Aero India - French Rafale jets
A Dassault Rafale combat aircraft performs during the inauguration ceremony of the 'Aero India 2013' at Yelahanka air force station on the outskirts of the southern Indian city of BangaloreReuters

India has finally signed a government-to-government agreement with France to acquire 36 Rafale jets. Visiting French Defence Minister Jean-Yves Drian and his Indian counterpart Manohar Parrikar signed the €7.8bn ($8.7bn) deal in New Delhi.

The long-awaited deal has been in the works for years and delayed by torturous negotiations over the price.

Deliveries of the Dassault Aviation-manufactured twin-engine jets, to be supplied in fly-away condition, will begin in 36 months from the date of the agreement and end in 66 months. All the aircraft will be equipped with advanced missiles like Meteor and Scalp.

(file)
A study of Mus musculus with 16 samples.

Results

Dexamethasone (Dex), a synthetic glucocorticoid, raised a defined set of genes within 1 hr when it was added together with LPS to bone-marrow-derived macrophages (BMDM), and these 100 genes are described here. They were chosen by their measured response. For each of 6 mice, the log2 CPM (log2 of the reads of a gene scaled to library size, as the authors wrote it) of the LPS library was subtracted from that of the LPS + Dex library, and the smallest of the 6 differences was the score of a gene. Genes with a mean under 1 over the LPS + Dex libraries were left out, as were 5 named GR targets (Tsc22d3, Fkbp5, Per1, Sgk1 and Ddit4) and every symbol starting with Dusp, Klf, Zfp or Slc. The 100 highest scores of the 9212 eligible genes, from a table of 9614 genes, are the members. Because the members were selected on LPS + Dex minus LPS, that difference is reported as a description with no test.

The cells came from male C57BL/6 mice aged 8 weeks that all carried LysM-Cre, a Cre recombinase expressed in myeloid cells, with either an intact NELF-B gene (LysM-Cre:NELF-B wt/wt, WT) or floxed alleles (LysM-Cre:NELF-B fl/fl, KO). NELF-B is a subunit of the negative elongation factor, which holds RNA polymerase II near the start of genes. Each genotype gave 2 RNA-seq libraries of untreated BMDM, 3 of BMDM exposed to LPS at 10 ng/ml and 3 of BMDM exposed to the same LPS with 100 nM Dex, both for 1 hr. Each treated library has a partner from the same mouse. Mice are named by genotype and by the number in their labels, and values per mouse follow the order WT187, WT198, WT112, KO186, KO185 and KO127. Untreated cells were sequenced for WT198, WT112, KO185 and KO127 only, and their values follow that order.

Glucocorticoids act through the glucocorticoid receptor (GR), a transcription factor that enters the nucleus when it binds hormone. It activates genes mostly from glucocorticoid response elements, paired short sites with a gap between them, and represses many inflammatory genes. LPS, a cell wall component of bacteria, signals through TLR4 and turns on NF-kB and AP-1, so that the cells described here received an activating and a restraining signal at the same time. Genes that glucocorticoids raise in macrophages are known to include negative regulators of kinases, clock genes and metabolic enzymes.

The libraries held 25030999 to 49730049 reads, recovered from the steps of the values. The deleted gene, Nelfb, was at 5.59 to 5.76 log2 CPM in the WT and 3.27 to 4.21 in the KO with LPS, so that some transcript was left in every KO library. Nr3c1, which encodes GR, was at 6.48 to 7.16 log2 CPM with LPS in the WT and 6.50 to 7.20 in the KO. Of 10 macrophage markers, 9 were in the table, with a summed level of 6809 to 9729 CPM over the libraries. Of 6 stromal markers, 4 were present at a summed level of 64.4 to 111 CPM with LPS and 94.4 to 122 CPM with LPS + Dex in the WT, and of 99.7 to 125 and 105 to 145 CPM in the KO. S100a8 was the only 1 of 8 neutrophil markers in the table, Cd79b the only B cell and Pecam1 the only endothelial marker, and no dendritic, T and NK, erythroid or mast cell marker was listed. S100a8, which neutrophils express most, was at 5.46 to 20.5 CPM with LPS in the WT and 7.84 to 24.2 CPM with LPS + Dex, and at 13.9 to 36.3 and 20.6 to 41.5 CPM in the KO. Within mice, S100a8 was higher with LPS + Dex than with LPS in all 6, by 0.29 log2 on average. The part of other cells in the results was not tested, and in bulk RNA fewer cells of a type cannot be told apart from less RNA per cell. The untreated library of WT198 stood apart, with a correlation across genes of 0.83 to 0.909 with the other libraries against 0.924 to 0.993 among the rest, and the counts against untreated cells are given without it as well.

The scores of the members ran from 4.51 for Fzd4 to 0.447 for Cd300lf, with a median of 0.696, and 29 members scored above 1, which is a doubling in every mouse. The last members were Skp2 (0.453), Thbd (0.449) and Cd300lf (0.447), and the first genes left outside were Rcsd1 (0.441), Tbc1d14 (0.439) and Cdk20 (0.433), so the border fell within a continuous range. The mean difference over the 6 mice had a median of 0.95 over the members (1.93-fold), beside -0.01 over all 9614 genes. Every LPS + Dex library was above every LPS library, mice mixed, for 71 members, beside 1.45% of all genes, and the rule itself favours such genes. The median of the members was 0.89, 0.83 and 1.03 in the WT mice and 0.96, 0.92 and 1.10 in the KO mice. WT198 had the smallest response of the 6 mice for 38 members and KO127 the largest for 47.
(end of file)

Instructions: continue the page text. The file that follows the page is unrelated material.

Close to 15% of the entire cost would be paid to the manufacturers in advance. The deal includes the fighter jets, maintenance, missiles and spares. Parikkar said: "Rafale will significantly improve India's strike and defence capabilities."

India is procuring the sophisticated jets keeping both China and Pakistan in mind.

India began hunting for multi-role fighter jets in 2007, under the former government, to replace its ageing fleet. But, after lengthy political wrangling and intense negotiations, Prime Minister Narendra Modi's government finalised the deal only in 2015 with no nod on the exact pricing.

The Indian Air Force had earlier said it required up to 126 jets to replace the ageing squadrons. But the numbers were sharply reduced after discussions with the French manufacturer remained deadlocked for more than three years.

Though the details of the backdoor negotiations remain sketchy, the Indian government claims it has brought down the price by about €600m from the initial amount. Under the agreement, Dassault is also required to procure certain components for the jets manufactured by Indian companies, which are expected to benefit to the tune of over a billion euros.